For Immediate Release
Contact: Gal Potashnick, 603-823-7777
ACT Earns National Recognition for Commitment to Public Trust and Conservation Excellence
FRANCONIA – At a time of uncertainty and change, one thing is clear and consistent: Americans strongly support saving the wild lands, family forests, and farmlands they love. Since 2000, Ammonoosuc Conservation Trust (ACT) has been doing just that for the people of northern New Hampshire. Now ACT has renewed its land trust accreditation – proving once again that, as part of a network of nearly 400 accredited land trusts across the nation, it is committed to professional excellence and to maintaining the public’s trust in its conservation work.
“Renewing our national accreditation shows ACT’s ongoing commitment to permanent land conservation in the North Country,” said founder and Executive Director Rebecca Brown. “We’re a stronger organization than ever for having gone through the rigorous accreditation renewal process.”
Accredited land trusts must renew every five years, confirming their compliance with national quality standards and providing continued assurance to donors and landowners of their commitment to forever steward their land and voluntary conservation agreements with private landowners.
“We’ve reviewed every aspect of our programs and policies, from how we conserve land to how we track and report our finances,” Brown continued. “In the five years since we were first accredited, we’ve grown an excellent team of trustees, volunteers, and staff, and we’re all proud of what we’ve achieved together with the support of our members and donors.”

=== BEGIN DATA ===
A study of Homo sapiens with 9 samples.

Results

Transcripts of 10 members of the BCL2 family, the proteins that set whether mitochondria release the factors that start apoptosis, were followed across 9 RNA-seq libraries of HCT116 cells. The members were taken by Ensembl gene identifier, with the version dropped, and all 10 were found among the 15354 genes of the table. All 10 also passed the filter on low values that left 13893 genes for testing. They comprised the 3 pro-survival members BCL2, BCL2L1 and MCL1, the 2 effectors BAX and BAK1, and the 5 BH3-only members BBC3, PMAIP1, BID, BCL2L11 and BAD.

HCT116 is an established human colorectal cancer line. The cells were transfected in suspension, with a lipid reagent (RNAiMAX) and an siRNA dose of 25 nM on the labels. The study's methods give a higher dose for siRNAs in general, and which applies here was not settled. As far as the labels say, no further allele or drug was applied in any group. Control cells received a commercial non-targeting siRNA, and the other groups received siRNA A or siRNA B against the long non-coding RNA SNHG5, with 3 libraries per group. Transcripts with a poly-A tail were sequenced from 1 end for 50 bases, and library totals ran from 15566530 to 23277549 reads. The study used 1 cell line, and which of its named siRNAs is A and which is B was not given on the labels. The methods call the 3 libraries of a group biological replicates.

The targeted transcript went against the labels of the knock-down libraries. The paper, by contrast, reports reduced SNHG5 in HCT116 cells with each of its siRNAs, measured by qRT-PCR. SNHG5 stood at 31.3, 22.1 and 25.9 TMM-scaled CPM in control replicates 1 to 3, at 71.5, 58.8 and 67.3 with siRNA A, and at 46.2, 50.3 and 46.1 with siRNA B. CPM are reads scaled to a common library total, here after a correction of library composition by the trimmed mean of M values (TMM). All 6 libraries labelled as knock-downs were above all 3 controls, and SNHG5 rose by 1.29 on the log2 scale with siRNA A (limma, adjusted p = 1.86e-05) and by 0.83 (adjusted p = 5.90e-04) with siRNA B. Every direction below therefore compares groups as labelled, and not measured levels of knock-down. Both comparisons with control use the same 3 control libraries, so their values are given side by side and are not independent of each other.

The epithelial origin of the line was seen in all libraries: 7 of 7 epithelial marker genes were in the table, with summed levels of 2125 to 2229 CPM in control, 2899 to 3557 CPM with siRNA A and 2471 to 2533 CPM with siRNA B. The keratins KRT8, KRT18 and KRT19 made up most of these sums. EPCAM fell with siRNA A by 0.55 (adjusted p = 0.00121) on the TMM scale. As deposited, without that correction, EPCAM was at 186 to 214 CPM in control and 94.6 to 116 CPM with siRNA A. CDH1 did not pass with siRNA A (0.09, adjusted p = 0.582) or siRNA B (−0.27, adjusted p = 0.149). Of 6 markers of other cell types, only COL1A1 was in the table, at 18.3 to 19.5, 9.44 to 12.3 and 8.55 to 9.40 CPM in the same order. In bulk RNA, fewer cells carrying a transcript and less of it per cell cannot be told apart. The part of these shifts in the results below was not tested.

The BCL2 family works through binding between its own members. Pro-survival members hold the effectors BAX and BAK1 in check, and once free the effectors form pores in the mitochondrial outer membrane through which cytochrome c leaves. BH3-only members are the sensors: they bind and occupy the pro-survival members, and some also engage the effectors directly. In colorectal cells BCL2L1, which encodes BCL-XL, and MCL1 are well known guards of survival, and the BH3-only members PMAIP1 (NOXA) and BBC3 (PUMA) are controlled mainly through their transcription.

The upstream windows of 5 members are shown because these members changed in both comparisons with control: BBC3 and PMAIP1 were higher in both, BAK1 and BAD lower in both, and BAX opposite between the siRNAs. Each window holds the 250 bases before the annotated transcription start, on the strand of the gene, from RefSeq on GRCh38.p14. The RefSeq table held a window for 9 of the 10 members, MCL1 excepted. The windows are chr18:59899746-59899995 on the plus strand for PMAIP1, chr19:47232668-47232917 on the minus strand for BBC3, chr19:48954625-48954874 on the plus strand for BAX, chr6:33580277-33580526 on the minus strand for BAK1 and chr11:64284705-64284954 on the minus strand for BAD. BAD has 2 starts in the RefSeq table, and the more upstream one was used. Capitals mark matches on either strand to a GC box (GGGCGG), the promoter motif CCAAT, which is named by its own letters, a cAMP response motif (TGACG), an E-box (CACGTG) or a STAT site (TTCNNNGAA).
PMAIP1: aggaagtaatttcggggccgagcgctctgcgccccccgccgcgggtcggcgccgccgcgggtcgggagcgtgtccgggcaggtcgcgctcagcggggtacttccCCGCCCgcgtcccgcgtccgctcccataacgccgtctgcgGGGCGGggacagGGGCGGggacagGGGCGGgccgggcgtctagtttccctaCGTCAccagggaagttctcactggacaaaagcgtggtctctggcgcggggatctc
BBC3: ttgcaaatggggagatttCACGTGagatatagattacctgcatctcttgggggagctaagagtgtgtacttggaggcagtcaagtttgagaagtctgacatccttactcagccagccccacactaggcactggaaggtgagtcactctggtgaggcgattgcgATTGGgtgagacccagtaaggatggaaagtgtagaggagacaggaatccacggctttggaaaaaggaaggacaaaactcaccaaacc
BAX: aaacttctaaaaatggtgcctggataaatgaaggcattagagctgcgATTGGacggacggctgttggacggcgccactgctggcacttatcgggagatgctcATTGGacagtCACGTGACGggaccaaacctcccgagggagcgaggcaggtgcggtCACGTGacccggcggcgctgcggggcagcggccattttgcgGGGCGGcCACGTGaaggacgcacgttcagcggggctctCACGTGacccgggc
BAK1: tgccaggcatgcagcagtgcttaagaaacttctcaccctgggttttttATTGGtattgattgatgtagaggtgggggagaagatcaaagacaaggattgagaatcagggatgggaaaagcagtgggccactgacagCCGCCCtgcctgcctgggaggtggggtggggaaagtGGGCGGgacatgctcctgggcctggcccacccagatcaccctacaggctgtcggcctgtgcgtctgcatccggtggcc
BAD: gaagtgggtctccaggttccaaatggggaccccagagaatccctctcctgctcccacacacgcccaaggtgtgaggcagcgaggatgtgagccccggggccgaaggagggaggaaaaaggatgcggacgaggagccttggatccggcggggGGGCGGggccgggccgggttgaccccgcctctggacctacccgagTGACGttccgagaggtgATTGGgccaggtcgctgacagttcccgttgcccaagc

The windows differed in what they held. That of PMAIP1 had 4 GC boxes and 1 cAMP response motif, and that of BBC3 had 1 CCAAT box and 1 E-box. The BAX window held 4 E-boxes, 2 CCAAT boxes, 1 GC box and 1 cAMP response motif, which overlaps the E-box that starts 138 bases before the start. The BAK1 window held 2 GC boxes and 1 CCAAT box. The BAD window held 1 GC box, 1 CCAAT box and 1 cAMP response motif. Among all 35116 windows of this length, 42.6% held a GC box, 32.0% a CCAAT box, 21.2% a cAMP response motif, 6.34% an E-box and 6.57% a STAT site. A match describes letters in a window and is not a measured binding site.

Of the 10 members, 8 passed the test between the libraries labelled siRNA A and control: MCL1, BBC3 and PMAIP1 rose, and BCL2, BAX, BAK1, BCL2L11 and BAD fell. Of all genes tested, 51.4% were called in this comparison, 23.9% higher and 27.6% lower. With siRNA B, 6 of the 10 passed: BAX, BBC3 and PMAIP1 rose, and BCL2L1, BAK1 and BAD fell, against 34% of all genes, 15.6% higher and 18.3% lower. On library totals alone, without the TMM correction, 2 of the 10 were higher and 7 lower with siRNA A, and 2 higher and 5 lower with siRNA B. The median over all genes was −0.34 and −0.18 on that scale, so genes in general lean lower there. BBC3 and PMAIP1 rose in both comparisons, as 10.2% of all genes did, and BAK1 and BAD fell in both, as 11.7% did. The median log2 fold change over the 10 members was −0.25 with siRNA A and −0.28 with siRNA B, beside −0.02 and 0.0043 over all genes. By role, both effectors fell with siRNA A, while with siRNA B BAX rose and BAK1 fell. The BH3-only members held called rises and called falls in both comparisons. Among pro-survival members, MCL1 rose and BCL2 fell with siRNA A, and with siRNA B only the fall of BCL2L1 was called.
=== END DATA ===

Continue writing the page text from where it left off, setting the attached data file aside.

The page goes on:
ACT had to provide extensive documentation and undergo a comprehensive external review as part of its accreditation renewal. The Land Trust Accreditation Commission awarded the renewed accreditation, signifying its confidence that ACTs lands will be protected forever.
ACT has conserved nearly 5,000 acres in the region for the benefit of communities, people, and wildlife. Its special focus is on conserving streams and rivers for clean water, family farms and forests, and land with important public recreational opportunities. It owns land, with its largest ownership being the 840-acre Cooley-Jericho Community Forest. It also has conservation agreements with over 20 private landowners who continue to own and use their properties but have decided never to develop their land, or develop only in limited ways that also protects natural resources.
“It is exciting to recognize ACT with this distinction,” said Tammara Van Ryn, executive director of the Land Trust Accreditation Commission. “Accredited land trusts are united behind strong ethical standards ensuring the places people love will be conserved forever. Accreditation recognizes ACT has demonstrated sound finances, ethical conduct, responsible governance, and lasting stewardship.”
The Land Trust Accreditation Commission inspires excellence, promotes public trust and ensures permanence in the conservation of open lands by recognizing organizations that meet rigorous quality standards and strive for continuous improvement. The Commission, established in 2006 as an independent program of the Land Trust Alliance, is governed by a volunteer board of diverse land conservation and nonprofit management experts. For more, visit landtrustaccreditation.org.
Founded in 1982, the Land Trust Alliance is a national land conservation organization that works to save the places people need and love by strengthening land conservation across America. The Alliance represents 1,000 member land trusts supported by more than 200,000 volunteers and 4.6 million members nationwide. The Alliance is based in Washington, D.C., and operates several regional offices.
Based in Franconia, ACT serves the North Country by working with individuals, families, and communities to conserve land for the benefit of all. Learn more at aconservationtrust.org or call (603) 823-7777. ACT holds regular workshops and outdoor events – look for the calendar on our website or follow us on Facebook at facebook.com/aconservationtrust.